New Year health resolutions. Are they like a house of cards?

© Glow Images      Model used for illustrative purposes only.
© Glow Images Model used for illustrative purposes only.

The New Year is off and running. So too are the health resolutions many of us made when we were basking in the after-glow of the Christmas Season and feeling somewhat virtuous about our plans.  You know the kinds of things you promise yourself. “This year I will make better food choices. I will consume less and exercise more. I will go to bed earlier. I will try not to worry so much.”  They all sound like excellent intentions. But like a precarious house of cards, many of them have already fallen down and now lie in a heap on the table.

There are numerous reasons for our failure to implement, or live up to, our high goals for self-improvement.  In his Huffpost Healthy Living blog , Leslie Spry, M.D. offers this insight. “Resolutions can get a bad rap. They often aren’t specific enough, making them unrealistic and unattainable.” That’s why his number one New Year resolution is very specific. Think twice before you reach into your medicine cabinet and check both prescription and over the counter (OTC) drug labels to evaluate the risks and benefits before taking a particular medication.”

It’s good advice. Over-medicating with pain killers can lead to serious health problems. However, there are other drug-free ways to treat pain and stay safe during the New Year.  These include acupuncture, chiropractic treatment, herbal remedies, massage, and mind-body therapies, to name a few. Prayer is also a popular method. According to research, “Among all forms of complementary medicine, prayer is the single most widely-practiced healing modality (Glazer, S. 2005).”

At the University of Minnesota’s Center for Spirituality & Healing and the Life Science Foundation, prayer is described as having “a very personal meaning arising from an individual’s religious background or spiritual practice. For some, prayer will mean specific sacred words, for others, it may be a more informal talking or listening to God or a higher power. Prayer is rooted in the belief that there is a power greater than oneself that can influence one’s life. It is the act of raising hearts and minds to God or a higher power. … Prayer is important in a healthcare context simply because it is used so widely.”

In addition to general prayer for healing, there’s another system that’s receiving interest. It’s biblically-based, spiritual in nature, and systematic in its approach to prayer. The form of treatment employed seeks to move beyond the human mind’s influence on the body, to a divine intelligence, or Mind, and its power to heal the body. And it’s proving to be both practical and successful.

I was a former migraine headache sufferer. After seeking medical help for this condition over many years, the headaches were permanently cured solely through metaphysical, prayer-centered treatment – without the inclusion of painkillers or other remedial means. This healing made me look seriously into the connection between religious thinking, prayer, and bodily health.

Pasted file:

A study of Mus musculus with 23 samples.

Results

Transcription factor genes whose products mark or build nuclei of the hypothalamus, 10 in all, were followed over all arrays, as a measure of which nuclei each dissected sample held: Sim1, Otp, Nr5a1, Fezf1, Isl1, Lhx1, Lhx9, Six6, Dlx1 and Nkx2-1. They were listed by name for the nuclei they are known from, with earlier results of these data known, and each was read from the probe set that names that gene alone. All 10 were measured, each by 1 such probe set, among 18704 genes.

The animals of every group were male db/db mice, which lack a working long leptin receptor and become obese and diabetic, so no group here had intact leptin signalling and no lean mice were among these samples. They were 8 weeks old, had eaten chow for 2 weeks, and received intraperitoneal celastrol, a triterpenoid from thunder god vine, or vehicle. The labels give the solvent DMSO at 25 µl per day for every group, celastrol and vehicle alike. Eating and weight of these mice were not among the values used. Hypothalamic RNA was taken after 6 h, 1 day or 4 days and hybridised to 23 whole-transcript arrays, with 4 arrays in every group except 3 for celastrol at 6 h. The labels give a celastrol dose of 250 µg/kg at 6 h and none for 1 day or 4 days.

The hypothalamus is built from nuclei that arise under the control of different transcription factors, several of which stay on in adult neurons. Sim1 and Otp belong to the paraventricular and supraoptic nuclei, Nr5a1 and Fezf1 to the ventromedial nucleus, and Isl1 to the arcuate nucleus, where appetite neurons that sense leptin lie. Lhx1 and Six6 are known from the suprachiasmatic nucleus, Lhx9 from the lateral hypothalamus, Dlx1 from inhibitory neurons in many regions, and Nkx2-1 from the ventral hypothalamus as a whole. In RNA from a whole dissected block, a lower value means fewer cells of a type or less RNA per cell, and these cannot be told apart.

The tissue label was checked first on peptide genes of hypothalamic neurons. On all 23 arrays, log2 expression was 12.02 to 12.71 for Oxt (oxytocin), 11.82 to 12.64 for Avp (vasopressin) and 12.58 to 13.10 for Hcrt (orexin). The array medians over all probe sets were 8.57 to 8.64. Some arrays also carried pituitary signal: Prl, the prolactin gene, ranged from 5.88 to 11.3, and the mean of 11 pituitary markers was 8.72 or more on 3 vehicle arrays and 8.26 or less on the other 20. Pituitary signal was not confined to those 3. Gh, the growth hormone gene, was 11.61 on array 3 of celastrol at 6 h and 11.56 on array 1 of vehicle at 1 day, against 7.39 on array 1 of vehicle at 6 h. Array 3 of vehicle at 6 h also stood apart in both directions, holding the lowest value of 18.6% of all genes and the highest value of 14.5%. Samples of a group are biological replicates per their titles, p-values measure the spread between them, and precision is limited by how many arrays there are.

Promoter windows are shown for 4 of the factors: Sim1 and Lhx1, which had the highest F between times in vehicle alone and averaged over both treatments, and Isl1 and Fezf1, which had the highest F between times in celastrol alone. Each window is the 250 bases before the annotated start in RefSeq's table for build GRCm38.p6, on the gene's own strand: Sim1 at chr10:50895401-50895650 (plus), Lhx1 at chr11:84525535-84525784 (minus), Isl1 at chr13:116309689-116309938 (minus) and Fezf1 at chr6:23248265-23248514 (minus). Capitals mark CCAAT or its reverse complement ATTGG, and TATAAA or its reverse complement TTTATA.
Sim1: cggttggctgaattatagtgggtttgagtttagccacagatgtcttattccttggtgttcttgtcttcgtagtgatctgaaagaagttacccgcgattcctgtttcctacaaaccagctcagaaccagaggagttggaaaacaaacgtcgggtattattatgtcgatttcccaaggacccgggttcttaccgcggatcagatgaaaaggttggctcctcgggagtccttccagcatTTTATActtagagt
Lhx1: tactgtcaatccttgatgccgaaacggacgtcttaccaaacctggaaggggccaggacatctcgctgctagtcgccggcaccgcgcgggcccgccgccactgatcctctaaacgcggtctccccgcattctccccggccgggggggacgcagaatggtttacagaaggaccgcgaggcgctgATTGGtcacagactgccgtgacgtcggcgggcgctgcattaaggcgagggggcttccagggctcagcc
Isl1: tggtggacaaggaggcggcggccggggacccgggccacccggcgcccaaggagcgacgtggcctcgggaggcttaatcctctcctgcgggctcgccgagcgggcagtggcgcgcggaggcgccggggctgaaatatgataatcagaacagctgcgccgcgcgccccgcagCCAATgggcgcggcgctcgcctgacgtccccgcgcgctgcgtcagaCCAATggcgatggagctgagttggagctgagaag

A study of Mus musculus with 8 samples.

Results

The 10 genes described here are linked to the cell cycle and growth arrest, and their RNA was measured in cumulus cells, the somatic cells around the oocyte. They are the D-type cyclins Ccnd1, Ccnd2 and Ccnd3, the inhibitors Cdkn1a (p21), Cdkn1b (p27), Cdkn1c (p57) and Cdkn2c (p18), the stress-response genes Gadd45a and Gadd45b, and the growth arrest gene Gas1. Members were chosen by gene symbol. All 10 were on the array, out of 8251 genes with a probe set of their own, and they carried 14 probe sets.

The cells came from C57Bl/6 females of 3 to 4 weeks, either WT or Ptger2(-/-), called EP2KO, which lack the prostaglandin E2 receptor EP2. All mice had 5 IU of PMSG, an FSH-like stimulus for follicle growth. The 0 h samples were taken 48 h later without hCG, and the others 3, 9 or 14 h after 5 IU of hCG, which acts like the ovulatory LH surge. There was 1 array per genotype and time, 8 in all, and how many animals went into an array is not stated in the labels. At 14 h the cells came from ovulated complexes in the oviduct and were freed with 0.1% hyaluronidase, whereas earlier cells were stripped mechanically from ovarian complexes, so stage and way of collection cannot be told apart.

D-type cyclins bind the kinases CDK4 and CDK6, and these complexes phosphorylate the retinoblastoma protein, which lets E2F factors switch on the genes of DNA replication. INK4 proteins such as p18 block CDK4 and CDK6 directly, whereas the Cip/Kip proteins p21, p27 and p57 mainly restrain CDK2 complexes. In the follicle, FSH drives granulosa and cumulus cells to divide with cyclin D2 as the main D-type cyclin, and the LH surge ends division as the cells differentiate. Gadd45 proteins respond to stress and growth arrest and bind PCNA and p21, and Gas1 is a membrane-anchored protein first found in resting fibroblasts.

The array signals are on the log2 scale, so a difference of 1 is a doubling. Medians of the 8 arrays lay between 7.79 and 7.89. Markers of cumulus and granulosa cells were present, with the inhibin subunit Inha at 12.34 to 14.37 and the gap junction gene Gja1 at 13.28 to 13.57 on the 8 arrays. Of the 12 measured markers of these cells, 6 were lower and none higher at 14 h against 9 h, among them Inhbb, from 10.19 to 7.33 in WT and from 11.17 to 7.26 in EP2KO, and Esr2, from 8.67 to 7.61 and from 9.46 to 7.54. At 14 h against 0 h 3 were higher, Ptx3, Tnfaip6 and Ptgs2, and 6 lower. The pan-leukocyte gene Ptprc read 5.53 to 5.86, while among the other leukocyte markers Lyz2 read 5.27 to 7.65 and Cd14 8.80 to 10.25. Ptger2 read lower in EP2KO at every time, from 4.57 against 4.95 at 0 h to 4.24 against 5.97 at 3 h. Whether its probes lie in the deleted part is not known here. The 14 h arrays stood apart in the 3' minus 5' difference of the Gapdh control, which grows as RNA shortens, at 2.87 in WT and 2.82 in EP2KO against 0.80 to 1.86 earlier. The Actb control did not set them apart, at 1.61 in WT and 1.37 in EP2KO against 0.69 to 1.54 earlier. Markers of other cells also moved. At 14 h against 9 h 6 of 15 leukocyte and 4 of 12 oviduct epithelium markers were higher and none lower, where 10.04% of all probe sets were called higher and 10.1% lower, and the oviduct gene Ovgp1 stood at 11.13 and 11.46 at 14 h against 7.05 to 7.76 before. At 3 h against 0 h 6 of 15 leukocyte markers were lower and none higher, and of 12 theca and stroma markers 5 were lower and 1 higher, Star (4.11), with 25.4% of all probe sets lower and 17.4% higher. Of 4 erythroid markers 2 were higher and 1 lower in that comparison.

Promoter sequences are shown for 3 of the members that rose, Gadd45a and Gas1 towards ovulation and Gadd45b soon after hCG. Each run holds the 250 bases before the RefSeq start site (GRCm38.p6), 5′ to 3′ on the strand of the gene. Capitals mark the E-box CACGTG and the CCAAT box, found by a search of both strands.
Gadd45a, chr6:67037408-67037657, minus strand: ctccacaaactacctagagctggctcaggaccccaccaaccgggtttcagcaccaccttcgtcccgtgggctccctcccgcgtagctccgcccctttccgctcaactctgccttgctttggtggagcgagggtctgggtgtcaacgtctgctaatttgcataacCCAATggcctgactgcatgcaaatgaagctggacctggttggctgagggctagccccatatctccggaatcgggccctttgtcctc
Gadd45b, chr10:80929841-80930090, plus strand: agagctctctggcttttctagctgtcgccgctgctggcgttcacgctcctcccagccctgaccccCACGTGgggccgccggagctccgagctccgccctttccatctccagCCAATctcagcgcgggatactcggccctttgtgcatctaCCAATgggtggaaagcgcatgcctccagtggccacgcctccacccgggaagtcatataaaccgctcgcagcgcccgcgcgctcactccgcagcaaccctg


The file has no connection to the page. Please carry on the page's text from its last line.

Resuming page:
In order to understand what had occurred, I read, studied, took a course, and joined an organization that encouraged and supported the practice of spiritual healing on a daily basis. Around the same time, I also witnessed firsthand how pink flavouring was the sole element responsible for alleviating one man’s headache pain. This incident,  along with others that I observed, led me to conclude that a person’s thought played a significant part in a drug’s usefulness. An inanimate drug or additive didn’t know what to do. It had to be the person’s belief in it that determined what effect it had.

This illustration of the placebo effect might be mistakenly thought of as a recent phenomenon.  Yet a 19th Century American woman who observed this effect in herself and others over many years wrote, “The only effect produced by medicine is dependent upon mental action. If the mind were parted from the body, could you produce any effect upon the brain or body by applying the drug to either? Would the drug remove paralysis, affect organization, or restore will and action to cerebrum and cerebellum?” (Eddy, Science and Health p. 401)

It’s commonly accepted in many circles that a patient’s thought can play a significant role in relieving pain.  Such a conclusion can open the door to finding a drug-free solution – including the use of prayer.  The opportunities exist.  So maybe a “specific, realistic and attainable” New Year resolution might be: to go out and explore the spiritual opportunities that exist for pain relief, before reaching for what’s in the medicine cabinet.  Year-round  pain relief may no longer be likened to an unstable house of cards waiting to tumble down.  Spiritual healing prayer could just be the panacea many of us are looking for in 2013.



  1. says

    You’re welcome Pauline! It would be wonderful if people made 2013 a time to explore the spiritual opportunities that exist for pain relief, before reaching for what’s in the medicine cabinet. Good health is possible for everyone. Thanks for leaving your comment.